Indeterminacy and Preference Change

18 March 2019

There are few better places to look for a formal approach to preference change than Sven Ove Hansson’s work (see Hansson 1995, Grüne-Yanoff & Hansson 2009). In his texts one will find roughly the following types of preference change:

  • The preferences can be acquired or lost
  • More alternatives can be added to those considered or alternatives can be removed

The case were indifference is replaced by preferring one or the other alternative, or vice versa, and the case where preference change direction can be considered combination of acquiring and losing a preference.

Hansson (1995) calls the four types of preference change listed Revision, Contraction, Addition, and Subtraction. But are these all the options?

Under one assumption, we might introduce at least two more types of preference change. This assumption is that motivational states can have indeterminate content. By “indeterminate conten”t, I mean content that is not adequately expressed with any proposition. If one accepts that existence of such content, then one might expect that a preference could get more or less determinate.[0]

Hansson did not simply overlook this option. It plainly does not make sense in typical accounts of decision theory. It certainly does not make sense according to Jeffrey’s (1990) approach, where a preference is roughly a relation to a proposition. After all, propositions are the standard of determinacy as I have introduced it here. As far as I can see, the indetermincay does not fit into the formal framework of Hansson 1995 either.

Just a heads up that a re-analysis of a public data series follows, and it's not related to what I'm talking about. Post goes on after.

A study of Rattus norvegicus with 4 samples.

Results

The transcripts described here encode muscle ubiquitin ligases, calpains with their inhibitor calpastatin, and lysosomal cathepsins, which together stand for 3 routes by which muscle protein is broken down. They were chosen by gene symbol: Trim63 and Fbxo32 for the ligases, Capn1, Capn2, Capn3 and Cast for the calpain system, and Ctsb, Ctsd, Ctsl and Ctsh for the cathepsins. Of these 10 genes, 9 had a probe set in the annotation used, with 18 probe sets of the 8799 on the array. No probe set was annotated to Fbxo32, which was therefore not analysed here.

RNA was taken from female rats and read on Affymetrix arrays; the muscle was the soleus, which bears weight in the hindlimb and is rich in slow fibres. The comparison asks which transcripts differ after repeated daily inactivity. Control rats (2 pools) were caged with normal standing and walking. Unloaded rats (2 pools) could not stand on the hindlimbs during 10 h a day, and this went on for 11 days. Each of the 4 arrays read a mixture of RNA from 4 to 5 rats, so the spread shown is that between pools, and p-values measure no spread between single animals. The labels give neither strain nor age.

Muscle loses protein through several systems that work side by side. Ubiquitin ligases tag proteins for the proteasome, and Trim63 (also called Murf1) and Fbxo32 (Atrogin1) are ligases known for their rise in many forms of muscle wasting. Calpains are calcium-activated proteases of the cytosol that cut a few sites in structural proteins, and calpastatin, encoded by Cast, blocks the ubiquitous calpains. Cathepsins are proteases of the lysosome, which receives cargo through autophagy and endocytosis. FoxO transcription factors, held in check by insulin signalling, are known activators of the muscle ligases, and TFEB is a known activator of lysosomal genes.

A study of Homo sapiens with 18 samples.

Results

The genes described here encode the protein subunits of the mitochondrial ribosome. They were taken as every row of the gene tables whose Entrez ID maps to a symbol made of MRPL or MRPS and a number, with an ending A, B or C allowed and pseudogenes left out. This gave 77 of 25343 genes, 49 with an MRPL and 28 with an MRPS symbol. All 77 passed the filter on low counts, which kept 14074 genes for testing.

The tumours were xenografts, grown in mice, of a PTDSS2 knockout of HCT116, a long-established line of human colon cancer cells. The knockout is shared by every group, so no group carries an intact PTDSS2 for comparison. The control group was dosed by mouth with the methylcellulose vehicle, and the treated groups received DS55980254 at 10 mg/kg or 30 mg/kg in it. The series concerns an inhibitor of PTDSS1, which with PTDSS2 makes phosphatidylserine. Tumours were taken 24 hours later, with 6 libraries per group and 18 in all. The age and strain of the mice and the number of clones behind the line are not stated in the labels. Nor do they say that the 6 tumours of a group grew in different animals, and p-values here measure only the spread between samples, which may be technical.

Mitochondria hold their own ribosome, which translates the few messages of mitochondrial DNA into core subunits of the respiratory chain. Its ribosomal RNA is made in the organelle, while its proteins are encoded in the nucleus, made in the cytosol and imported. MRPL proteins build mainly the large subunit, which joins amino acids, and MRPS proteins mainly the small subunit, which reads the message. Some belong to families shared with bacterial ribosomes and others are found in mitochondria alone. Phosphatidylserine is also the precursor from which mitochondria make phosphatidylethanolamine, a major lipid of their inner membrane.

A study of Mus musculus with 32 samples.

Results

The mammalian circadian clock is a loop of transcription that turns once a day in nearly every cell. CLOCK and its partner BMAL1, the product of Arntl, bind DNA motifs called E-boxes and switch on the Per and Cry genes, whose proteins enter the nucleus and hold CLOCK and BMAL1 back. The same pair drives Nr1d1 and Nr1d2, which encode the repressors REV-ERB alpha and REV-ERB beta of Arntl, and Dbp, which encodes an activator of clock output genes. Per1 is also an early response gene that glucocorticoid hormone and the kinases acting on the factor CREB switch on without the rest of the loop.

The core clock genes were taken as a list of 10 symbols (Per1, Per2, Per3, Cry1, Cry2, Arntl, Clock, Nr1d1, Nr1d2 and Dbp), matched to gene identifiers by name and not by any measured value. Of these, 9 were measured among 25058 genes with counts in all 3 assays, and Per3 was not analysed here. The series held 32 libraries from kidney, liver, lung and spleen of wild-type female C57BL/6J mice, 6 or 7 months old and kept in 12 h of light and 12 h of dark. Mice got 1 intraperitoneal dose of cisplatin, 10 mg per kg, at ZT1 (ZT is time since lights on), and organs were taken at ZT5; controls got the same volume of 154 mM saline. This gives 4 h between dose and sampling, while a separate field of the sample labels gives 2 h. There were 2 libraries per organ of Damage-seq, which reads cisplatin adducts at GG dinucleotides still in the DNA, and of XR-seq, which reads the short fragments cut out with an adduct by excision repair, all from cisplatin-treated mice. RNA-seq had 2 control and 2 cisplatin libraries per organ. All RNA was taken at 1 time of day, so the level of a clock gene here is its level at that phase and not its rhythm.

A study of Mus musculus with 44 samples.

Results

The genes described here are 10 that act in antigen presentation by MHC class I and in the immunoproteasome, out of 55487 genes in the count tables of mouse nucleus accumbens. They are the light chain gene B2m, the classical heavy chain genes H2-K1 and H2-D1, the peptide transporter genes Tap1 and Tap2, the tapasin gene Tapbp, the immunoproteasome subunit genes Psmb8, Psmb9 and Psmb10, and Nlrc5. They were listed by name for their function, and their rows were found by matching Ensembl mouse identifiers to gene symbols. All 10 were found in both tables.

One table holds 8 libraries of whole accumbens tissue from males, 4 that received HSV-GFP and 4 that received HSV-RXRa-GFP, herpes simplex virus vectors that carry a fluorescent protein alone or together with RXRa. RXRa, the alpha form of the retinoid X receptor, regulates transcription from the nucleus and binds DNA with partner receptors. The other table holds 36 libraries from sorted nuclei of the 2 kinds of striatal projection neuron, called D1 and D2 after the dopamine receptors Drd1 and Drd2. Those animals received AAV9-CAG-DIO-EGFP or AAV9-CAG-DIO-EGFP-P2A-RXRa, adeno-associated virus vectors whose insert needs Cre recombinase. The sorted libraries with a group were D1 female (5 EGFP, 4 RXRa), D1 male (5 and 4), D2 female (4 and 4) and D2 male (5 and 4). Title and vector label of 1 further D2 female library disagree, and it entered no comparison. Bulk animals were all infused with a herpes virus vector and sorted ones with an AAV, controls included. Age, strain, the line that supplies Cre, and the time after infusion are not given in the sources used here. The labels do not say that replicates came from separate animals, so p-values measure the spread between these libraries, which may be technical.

The new types of preference change would require more than preferences just becoming more specific. I am not discussing the case where I at first prefer to read a book over watching a movie and later develop the more specific preference for reading a history book over watching an adventure movie. That kind of precisification can be described using Hansson’s apparatus because the content is still determinate. What are introduced are new and more specific alternatives, but they are determinate. What the new type of preference change would require is content that cannot be described in any determinate form, not just one that is less specific - and I have not argued for such a kind of indeterminate content. It might also be possible that preferences can be replaced in the same way by other preferences with more or less determinate content, so that Hansson’s types would suffice. However, as long as we have no formal model of such preferences, it is not clear that we can do that. All I am suggesting here is a conditional conclusion: If it existed, we might have to extend our list of types of preference change.

[0] It might be important to distinguish the formal representation from the psychological account/philosophy of mind. It could turn out that our best psychological account/philosophy of mind ascribes mental states with indeterminate content, while it remains easier to model this indeterminacy using a standard framework the four types of preference change distinguished by Hansson.


Hansson, S. O. (1995). Changes in Preference. Theory and Decision, 38(1), 1–28.

Grüne-Yanoff, T., & Hansson, S. O. (Eds.). (2009). Preference Change: Approaches from Philosophy, Economics and Psychology. Dordrecht; London: Springer.

Jeffrey, R. C. (1990). The Logic of Decision (2nd edition). Chichago: University Of Chicago Press.